Best productions of Elektra have a lead singer who can make the jagged vocal score sound effortlessly smooth and a director who can finesse the extremes of Greek tragedy into something psychologically believable for the 21st-century viewer. James Robinson’s Canadian Opera Company staging of Elektra with Christine Goerke scores on both counts.
In this revival of the COC’s 1997 production (seen Jan. 26th), Robinson and Costume Designer Anita Stewart have replaced their original abstract, expressionist concept of an indeterminate era with designs that are more historically specific. From the opening scene with the maids in the grubby courtyard discussing Elektra’s fate while tidying up and stoking the fire, we are in the 19th century. They could be working inhabitants of an estate, roughing it up in the bush in the way of Susanna Moodie, or perhaps stuck in a decaying manor on the British moors. Both sisters wear dresses that have seen better days: Erin Wall’s Chrysothemis trying to look more put-together and marriageable; Goerke’s Elektra, wild and barefoot. Together with brother Orest (bass Wilhelm Schwinghammer) as a Victorian gentleman returned from foreign travels, the trio has not a small hint of the Brontës about them, and of the Brontës’ obsessed and cursed characters.
There is a naturalness to Goerke’s delivery that is carried through until the final scenes. She is a teen with teen moods and delusions, but not a caricature, and she delivers the lines that tell of bloodshed and the tomb’s chill darkness as if sharing secrets with a confidante or diary. Her final dance upon hearing the news of Orest’s matricide is more childish twirling than maenad frenzy. The COC Orchestra under Johannes Debus follows Goerke in close step—which with a reinforced army of musicians resulting in three violin and viola sections, as well as bulked up clarinets, horns and trumpets—is a considerable achievement. Richard Strauss’ score, the first of his many collaborations with librettist Hugo von Hofmannsthal, has a well-deserved reputation for loudness but it also contains intimate and lyrical moments where douceur is called for. The music often abandons tonality, and yet the sweeping late-Romantic vocabulary of Stauss’s subsequent works is undeniably there. The Orchestra nimbly negotiates all the atmospheric shifts.
It is a late-Romantic and a post-Romantic score—and this time the staging is too. Not a lot happens in Elektra, which Hofmannsthal distilled from his Greek tragedy sources: a woman eager for somebody to avenge the death of her father waits long enough for her itinerant brother to come back home and do it. It’s the preceding and the subsequent stuff that matters, action-wise. Agamemnon’s sacrifice of his daughter Iphigenia (did he really sacrifice her? See: Gluck), results in his murder by Iphigenia’s mother and his wife, Clytemnestra, and her new husband, Aegisthus. After Orest avenges his father by killing his mother, he never returns to the stage in Elektra as he is already being pursued by the Furies for matricide—and this storyline continues in Greek legend and the tragedies based on it.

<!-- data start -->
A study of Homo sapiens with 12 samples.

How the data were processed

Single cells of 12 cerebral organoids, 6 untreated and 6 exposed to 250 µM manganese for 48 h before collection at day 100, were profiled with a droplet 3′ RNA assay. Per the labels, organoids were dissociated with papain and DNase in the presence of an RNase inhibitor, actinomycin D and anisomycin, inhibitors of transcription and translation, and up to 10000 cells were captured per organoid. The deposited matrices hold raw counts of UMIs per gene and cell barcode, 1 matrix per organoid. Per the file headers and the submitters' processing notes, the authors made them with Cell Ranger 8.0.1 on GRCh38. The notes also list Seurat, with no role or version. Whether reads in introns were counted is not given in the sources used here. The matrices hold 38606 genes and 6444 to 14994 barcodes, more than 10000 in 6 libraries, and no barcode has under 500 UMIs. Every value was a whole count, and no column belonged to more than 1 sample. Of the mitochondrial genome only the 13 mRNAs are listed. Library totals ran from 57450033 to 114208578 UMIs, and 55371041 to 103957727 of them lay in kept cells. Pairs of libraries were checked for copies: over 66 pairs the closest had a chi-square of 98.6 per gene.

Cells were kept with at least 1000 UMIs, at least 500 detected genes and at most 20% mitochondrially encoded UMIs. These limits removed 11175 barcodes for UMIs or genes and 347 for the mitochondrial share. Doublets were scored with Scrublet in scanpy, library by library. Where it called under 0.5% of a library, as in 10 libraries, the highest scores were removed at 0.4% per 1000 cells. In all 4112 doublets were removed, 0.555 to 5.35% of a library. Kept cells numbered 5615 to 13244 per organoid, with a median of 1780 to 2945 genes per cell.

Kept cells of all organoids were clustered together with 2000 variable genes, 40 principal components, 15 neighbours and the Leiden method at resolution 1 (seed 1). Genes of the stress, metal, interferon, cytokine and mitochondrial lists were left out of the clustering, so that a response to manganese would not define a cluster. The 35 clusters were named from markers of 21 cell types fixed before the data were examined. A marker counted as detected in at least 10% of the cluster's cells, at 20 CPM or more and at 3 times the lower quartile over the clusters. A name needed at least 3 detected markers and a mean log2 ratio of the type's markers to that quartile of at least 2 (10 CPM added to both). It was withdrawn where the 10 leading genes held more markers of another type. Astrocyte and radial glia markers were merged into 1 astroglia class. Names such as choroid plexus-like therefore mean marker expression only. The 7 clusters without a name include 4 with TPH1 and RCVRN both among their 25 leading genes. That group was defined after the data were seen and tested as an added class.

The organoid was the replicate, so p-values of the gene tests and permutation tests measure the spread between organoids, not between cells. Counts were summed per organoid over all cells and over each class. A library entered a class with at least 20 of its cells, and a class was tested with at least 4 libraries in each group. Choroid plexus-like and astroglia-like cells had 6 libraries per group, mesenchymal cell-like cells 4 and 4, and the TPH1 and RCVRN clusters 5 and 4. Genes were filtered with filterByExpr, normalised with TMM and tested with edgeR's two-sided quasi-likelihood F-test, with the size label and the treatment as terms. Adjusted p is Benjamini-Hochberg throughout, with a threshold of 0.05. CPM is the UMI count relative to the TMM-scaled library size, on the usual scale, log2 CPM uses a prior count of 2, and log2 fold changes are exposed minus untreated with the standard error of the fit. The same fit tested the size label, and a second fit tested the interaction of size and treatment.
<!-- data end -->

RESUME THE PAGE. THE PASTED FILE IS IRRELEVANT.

The mythological Electra is much different from Hofmannsthal’s. In Euripides’ telling, she was cast out of Clytemnestra’s house and married off to a peasant before Orestes finds her, and in Aeschylus’ version the siblings meet at Agamemnon’s grave and are further urged on by the very active chorus. It’s Sophocles’ version that Hofmannsthal follows most closely, with Electra and Chrysothemis reduced to servant status at their mother’s home and Electra passively waiting for the arrival of the brother as deus ex machina. Hofmannsthal replaces the chorus with maidservants, adds the dramatic mother-daughter conversation and various mind games between the sisters to create, as well-noticed by Robinson, a claustrophobic 19th-century domestic drama about confined young women and a deluded dowager trapped in a world run by men.
Mercifully, Klytämnestra is presented here without the camp and extravagant costuming that dogs the role in so many other productions. Susan Bullock is in a Victorian black mourning outfit with a personal retinue of two gossiping ladyservants (Lauren Margison and Simone McIntosh) always on hand. Bullock’s voice may be slightly underpowered and uneven, as is Wall’s still Arabella-esque soprano, but her dramatic commitment and emotional intelligence more than make up for the occasional dip under the orchestra. Michael Schade’s Aegisth is a fabulous comic miniature. He enters as a tipsy Victorian industrialist coming home late and is promptly dispatched to the land of the shadows in a trapdoor fight.
Wilhelm Schwinghammer’s COC debut went extremely well: his confident and velvety bass is as voluminous as Goerke’s soprano—in this too the two singers were siblings. For Goerke’s voice, Elektra is a perfectly fitting glove. A singer in her prime, performing effortlessly in a signature role, with the spikes honeyed; the screaming, mellifluous, and the extremes of emotion served intimate. And, in a production that took a gambit on a very specific setting and won. It’s a rare theatrical perfect storm that should not be missed.